Tuesday, May 26, 2009
The Postcard by Tony Abbott - A trip to Florida during summer break sounds pretty great, right? Not to Jason. He's stuck helping his father clean out his deceased grandmother's house, who he's never even met. The weather is unbearably hot and the neighbors are weird, making the whole trip seem like a chore until Jason discovers a postcard.
After receiving a strange and anonymous phone call about the postcard, Jason decides to follow the clue listed on it in hopes of finding something more entertaining than packing boxes. Through various clues on other old postcards that Jason finds, he discovers a manuscript written by a man named Emerson Beale, detailing a wild adventure and an ill-fated romance with his grandmother. Could Emerson be Jason's unknown grandfather?
The adventures and discoveries that ensue from this mystery are entertaining, though sometimes a little far-fetched and contrived. Even so, tweens and teens will enjoy this story, especially as summer begins to arrive. Recommended for ages 9 and up.
Friday, May 22, 2009
Sweethearts by Sara Zarr - Jennifer Harris grows up as a lonely girl who is bullied by her peers for being overweight. None of her classmates at her elementary school will even talk to her -- except for Cameron. They become best friends and share every moment together, until Cameron and his family suddenly disappear. Though her mother tries to convince Jennifer that they likely moved away, she knows that Cameron wouldn't leave without saying goodbye, leading Jennifer to believe that he is dead.
After losing Cameron, Jennifer Harris switches schools, gains a new stepdad (and a new last name), and becomes Jenna Vaughn, a pretty and popular girl without a care in the world. That is, until Cameron suddenly shows up at her school, years later.
Zarr eloquently switches between past and present tense, giving great background into the reasons Cameron suddenly disappeared. It would be easy to make a story about childhood sweethearts seem trite or fluffy, but the character depth included in this novel will have teens relating to the difficulty of Jenna/Jennifer faces when she isn't accepted by her peers for who she truly is. Recommended for grades 6 & up.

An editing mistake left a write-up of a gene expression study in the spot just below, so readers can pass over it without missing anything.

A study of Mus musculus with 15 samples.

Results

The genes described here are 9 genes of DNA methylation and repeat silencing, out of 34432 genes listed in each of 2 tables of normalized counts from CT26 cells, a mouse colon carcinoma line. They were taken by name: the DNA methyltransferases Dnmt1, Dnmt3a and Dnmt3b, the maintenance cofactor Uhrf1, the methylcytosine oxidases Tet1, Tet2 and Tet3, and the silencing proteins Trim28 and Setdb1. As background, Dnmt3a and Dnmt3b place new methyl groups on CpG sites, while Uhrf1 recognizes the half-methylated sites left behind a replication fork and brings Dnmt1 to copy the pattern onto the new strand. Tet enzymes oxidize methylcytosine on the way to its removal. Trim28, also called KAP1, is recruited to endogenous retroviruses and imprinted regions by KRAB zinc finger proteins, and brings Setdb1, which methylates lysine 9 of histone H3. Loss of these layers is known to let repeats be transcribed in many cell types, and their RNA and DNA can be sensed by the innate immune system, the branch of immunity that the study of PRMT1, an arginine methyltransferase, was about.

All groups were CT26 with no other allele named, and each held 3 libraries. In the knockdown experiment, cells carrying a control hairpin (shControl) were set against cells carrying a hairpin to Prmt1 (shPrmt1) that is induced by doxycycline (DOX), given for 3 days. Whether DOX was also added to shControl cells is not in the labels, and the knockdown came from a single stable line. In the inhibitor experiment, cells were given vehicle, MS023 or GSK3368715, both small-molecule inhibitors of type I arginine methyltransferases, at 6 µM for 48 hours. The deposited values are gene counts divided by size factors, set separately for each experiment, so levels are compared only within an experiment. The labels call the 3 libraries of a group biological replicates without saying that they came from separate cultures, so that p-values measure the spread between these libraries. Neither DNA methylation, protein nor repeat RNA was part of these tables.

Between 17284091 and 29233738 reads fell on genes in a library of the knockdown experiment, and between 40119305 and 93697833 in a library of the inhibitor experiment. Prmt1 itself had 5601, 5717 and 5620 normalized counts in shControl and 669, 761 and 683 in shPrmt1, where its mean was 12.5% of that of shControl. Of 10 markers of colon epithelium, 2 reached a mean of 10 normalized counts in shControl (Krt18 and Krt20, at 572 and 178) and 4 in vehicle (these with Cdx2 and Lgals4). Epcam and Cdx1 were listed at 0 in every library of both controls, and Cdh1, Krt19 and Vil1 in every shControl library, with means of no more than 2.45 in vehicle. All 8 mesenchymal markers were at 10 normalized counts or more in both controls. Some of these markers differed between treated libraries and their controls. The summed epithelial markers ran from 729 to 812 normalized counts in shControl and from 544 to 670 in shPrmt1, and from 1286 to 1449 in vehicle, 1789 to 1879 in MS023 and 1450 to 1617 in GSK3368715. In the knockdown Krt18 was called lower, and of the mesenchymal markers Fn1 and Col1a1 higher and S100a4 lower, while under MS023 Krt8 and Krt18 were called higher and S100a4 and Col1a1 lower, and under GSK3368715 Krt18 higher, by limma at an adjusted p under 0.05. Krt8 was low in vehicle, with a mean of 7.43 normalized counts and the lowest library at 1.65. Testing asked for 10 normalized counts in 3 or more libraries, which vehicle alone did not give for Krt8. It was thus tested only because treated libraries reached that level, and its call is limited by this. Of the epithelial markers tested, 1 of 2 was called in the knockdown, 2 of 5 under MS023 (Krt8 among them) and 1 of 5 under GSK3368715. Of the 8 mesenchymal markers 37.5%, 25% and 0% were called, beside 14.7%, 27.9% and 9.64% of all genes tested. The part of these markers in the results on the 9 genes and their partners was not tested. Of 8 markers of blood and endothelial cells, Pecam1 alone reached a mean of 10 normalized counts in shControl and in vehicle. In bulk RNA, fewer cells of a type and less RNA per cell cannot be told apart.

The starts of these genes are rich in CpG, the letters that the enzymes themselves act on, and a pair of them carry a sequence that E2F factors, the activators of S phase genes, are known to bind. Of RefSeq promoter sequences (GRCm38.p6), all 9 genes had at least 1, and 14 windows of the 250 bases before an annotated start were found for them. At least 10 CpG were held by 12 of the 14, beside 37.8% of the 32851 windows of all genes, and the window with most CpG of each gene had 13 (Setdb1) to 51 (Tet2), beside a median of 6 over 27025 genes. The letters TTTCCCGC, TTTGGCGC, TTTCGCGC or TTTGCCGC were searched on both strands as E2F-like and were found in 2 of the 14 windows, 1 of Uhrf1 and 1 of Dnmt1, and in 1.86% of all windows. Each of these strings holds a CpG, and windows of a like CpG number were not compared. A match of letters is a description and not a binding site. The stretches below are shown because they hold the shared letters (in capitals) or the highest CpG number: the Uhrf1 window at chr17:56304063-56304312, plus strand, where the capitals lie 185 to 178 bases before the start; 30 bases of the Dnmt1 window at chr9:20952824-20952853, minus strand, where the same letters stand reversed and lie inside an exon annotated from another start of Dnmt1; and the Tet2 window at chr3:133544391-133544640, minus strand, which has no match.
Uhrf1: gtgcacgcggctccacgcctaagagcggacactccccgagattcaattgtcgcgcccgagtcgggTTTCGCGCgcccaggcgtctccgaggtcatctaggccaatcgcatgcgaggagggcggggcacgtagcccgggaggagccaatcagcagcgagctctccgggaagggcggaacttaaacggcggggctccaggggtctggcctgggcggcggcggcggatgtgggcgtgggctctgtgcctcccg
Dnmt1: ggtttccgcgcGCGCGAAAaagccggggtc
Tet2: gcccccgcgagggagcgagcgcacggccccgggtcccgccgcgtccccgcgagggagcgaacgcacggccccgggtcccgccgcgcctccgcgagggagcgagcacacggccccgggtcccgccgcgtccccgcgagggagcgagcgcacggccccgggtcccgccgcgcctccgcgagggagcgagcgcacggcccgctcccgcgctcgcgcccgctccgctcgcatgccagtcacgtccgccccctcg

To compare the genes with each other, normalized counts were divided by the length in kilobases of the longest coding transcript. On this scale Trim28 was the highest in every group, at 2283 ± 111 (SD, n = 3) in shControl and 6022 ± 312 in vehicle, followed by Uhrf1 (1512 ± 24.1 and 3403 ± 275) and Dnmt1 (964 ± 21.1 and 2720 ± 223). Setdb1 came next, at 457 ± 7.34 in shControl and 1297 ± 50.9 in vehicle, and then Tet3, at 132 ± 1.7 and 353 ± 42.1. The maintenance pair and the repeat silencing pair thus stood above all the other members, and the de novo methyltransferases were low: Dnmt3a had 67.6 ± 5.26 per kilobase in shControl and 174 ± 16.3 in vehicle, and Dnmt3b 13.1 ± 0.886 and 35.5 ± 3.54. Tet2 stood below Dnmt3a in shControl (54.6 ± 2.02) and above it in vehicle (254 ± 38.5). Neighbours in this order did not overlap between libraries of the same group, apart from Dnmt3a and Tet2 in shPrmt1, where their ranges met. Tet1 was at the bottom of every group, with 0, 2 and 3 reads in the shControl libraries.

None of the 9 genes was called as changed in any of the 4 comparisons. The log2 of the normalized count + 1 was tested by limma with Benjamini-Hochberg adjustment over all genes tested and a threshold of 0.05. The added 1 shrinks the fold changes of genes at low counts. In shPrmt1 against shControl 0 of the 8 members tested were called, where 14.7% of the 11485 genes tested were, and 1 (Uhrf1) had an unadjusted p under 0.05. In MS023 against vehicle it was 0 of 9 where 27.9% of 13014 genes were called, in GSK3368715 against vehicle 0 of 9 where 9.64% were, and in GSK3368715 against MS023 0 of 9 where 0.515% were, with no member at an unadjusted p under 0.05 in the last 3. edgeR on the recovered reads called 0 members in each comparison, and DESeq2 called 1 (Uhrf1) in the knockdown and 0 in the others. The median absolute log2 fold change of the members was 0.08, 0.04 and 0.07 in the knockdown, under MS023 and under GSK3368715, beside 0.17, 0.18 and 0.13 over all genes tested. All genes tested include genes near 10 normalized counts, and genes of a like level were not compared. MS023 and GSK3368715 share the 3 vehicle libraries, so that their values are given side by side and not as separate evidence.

Tuesday, May 19, 2009
Creature of the Night by Kate Thompson - Despite his mother's good intentions, 12-year-old Bobby can't help getting in trouble and running with a bad crowd. Bobby is soon stealing cars, drinking booze and getting noticed by the Dublin police. In a desperate attempt to save Bobby from ending up in juvenile custody, his mother moves the family to the Irish countryside.
But there's something not quite right with the house they move into. Bobby's little brother claims to see fairies and the last tenants mysteriously disappeared. Thompson's latest novel is sure to please teens that are looking for a creepy, hair-raising tale to read late into the night. Recommended for grades 7 and up.
Monday, May 11, 2009
My Mother the Cheerleader by Robert Sharenow - School segregation has always been taken for granted by Louise and her mother, as well as the majority of the white residents living in the Ninth ward of New Orleans in the 1960's. And when it is ruled that schools should become integrated, Louise is pulled from school to protest and her mother becomes part of a vocal group, the Cheerleaders, which disagrees with integration and harrasses the school's first black student. Louise doesn't have much of an opinion either way until a visitor arrives at their boardinghouse, questioning their beliefs and way of thinking. Will Louise and her mother see the issue of integration in a new light once this Northern visitor shares his life with them?
This novel is thought-provoking and was hard for me to put down once I started reading. The issue of integration and racism during the 1960's is shown in an interesting and eye-opening way which will make the subject material appealing to teens. This title was nominated for the 2008 Michigan Thumbs Up! award. Recommended for grades 6 and up.